Lalonde report


Background[edit]

Marc Lalonde, who was the Canadian Minister of National Health and Welfare, proposed a new "health field" concept, as distinct from medical care. Lalonde noted that the "traditional or generally-accepted view of the health field is that the art or science of medicine has been the fount from which all improvements in health have flowed, and popular belief equates the level of health with the quality of medicine." The new concept "envisage[d] that the health field can be broken up into four broad elements: Human biology, Environment, Lifestyle, and Health care organization;" that is, determinants of health existed outside of the health care systems.[1]

The report is considered to have led to the development and evolution of health promotion, recognizing both the need for people to take more responsibility in changing their behaviors to improve their own health, and also the contribution of healthy communities and environments to health.[3][4][5]

Another innovation of the report was that it proposed that public health interventions should focus attention on that segment of the population with the highest level of risk exposure. It this sense, the report was fundamental in identifying health risk behaviours as a determinant of health inequalities.[6]

The proposals advocated by the report seem to have had mixed outcomes; while its nutritional and exercise recommendations are believed to have been widely accepted, there remains disagreement about its overall impact on population health. It has been argued such debates highlight the need for a fuller exploration of the health policies in place.[4]

Health field[edit]

The concept of the "health field", as identified in the Lalonde report, is considered to be composed of four interdependent fields determined to influence individual's health. These include:[1]

  • Biology: all aspects of health, physical and mental, developed within the human body as influenced by genetic make-up;
  • Environmental: all matters related to health external to the human body, over which the individual has little or no control, including the physical and social environment;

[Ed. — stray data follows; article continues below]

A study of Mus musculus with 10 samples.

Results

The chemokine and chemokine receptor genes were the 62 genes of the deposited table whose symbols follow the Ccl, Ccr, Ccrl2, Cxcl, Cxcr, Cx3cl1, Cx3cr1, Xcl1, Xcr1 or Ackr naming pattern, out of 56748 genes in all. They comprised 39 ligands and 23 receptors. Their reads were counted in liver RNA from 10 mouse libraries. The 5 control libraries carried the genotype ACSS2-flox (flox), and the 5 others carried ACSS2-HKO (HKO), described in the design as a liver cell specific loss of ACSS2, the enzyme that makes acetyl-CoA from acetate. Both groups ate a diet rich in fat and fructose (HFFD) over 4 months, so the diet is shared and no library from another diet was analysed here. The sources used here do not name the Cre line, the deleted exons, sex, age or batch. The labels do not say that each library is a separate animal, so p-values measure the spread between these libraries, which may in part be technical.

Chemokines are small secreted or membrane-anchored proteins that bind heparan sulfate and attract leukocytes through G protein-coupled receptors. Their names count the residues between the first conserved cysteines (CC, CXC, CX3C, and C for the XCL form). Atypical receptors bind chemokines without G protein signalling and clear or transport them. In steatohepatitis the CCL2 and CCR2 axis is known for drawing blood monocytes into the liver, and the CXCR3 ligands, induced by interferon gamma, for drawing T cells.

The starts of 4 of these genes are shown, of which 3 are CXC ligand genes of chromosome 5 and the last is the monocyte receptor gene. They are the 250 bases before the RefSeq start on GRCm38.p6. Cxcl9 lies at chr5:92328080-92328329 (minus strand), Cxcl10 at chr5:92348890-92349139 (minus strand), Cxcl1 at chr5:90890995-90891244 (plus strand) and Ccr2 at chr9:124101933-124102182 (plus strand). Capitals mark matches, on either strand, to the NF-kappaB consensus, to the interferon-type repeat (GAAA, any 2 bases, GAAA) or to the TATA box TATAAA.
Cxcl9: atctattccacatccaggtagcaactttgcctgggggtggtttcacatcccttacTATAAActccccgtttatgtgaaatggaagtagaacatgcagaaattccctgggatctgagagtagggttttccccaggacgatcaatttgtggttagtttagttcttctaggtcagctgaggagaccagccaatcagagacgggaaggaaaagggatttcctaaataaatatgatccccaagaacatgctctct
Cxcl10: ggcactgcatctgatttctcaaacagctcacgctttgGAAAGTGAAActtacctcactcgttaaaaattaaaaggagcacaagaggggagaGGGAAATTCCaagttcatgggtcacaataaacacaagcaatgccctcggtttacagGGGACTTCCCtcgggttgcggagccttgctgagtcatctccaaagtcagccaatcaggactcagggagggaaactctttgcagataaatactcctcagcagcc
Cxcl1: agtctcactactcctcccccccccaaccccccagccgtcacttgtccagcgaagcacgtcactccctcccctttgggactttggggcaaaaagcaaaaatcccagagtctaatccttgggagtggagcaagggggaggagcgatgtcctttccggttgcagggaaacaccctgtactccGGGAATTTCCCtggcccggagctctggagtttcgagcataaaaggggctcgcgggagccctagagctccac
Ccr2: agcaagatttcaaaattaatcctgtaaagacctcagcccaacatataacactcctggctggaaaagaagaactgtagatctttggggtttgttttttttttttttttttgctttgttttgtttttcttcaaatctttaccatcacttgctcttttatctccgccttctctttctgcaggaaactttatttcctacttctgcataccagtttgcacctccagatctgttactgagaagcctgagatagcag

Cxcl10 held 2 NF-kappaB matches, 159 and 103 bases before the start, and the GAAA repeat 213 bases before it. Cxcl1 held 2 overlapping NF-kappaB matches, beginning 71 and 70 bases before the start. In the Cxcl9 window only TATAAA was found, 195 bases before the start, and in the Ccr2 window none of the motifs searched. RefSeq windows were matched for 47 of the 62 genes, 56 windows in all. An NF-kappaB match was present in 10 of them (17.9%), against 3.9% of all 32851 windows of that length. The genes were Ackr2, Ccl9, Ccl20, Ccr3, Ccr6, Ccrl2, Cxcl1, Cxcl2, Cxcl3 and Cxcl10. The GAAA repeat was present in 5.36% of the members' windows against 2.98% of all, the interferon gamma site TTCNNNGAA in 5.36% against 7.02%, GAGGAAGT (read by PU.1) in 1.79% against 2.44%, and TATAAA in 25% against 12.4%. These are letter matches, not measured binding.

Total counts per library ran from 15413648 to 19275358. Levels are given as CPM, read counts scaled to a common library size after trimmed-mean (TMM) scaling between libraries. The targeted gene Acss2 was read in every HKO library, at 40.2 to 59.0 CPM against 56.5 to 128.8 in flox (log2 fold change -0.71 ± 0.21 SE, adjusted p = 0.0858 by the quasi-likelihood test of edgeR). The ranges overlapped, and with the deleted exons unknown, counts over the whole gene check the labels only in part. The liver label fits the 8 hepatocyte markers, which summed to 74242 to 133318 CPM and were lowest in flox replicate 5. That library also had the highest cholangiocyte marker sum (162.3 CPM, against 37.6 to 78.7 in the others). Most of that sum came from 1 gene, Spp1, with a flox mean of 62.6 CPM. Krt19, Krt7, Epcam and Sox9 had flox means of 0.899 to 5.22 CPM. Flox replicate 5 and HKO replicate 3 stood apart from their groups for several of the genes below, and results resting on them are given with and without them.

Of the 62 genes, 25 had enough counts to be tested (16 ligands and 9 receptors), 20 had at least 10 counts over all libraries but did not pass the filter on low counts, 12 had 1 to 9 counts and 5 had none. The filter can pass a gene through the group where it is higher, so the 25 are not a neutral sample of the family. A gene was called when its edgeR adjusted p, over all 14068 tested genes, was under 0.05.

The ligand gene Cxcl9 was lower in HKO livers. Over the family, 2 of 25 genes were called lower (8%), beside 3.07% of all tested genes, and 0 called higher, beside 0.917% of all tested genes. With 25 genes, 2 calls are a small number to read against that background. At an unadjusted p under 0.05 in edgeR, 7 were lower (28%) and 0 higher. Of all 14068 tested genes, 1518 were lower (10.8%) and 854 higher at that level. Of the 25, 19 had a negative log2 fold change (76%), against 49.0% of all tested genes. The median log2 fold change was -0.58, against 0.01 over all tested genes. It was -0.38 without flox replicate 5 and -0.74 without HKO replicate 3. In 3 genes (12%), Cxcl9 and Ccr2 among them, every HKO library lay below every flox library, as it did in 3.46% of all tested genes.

• Lifestyle: the aggregation of personal decisions (i.e. over which the individual has control) that can be said to contribute to, or cause, illness or death;
  • Health care organization: includes medical practice, nursing, hospitals, nursing homes, medical drugs, public health services, paramedic services, dental treatment and other health services.

See also[edit]

References[edit]

  1. ^ a b c Lalonde M. A new perspective on the health of Canadians. A working document. Ottawa: Government of Canada, 1974.
  2. ^ Hancock, Trevor. “Beyond Health Care: From Public Health Policy to Health Public Policy.” Canadian Journal of Public Health 76, Supplement One (May/June 1985).
  3. ^ Minkler M. Health education, health promotion and the open society: an historical perspective. Health Educ Q 1989 Spring; 16(1): 17-30.
  4. ^ a b Glouberman S. Towards a New Perspective on Health Policy. Canadian Policy Research Networks, 2001. Accessed 18 July 2011.
  5. ^ Coburn, D.; Denny, K.; Mykhalovskiy, E.; McDonough, P.; Robertson, A.; Love, R. (2003). "Population health in Canada: A brief critique". American journal of public health 93 (3): 392–396. doi:10.2105/ajph.93.3.392. PMC 1447750. PMID 12604479. 
  6. ^ Frohlich KL, Potvin L. Transcending the known in public health practice. The inequality paradox: the population approach and vulnerable populations. Am J Public Health 2008 Feb;98(2):216-21.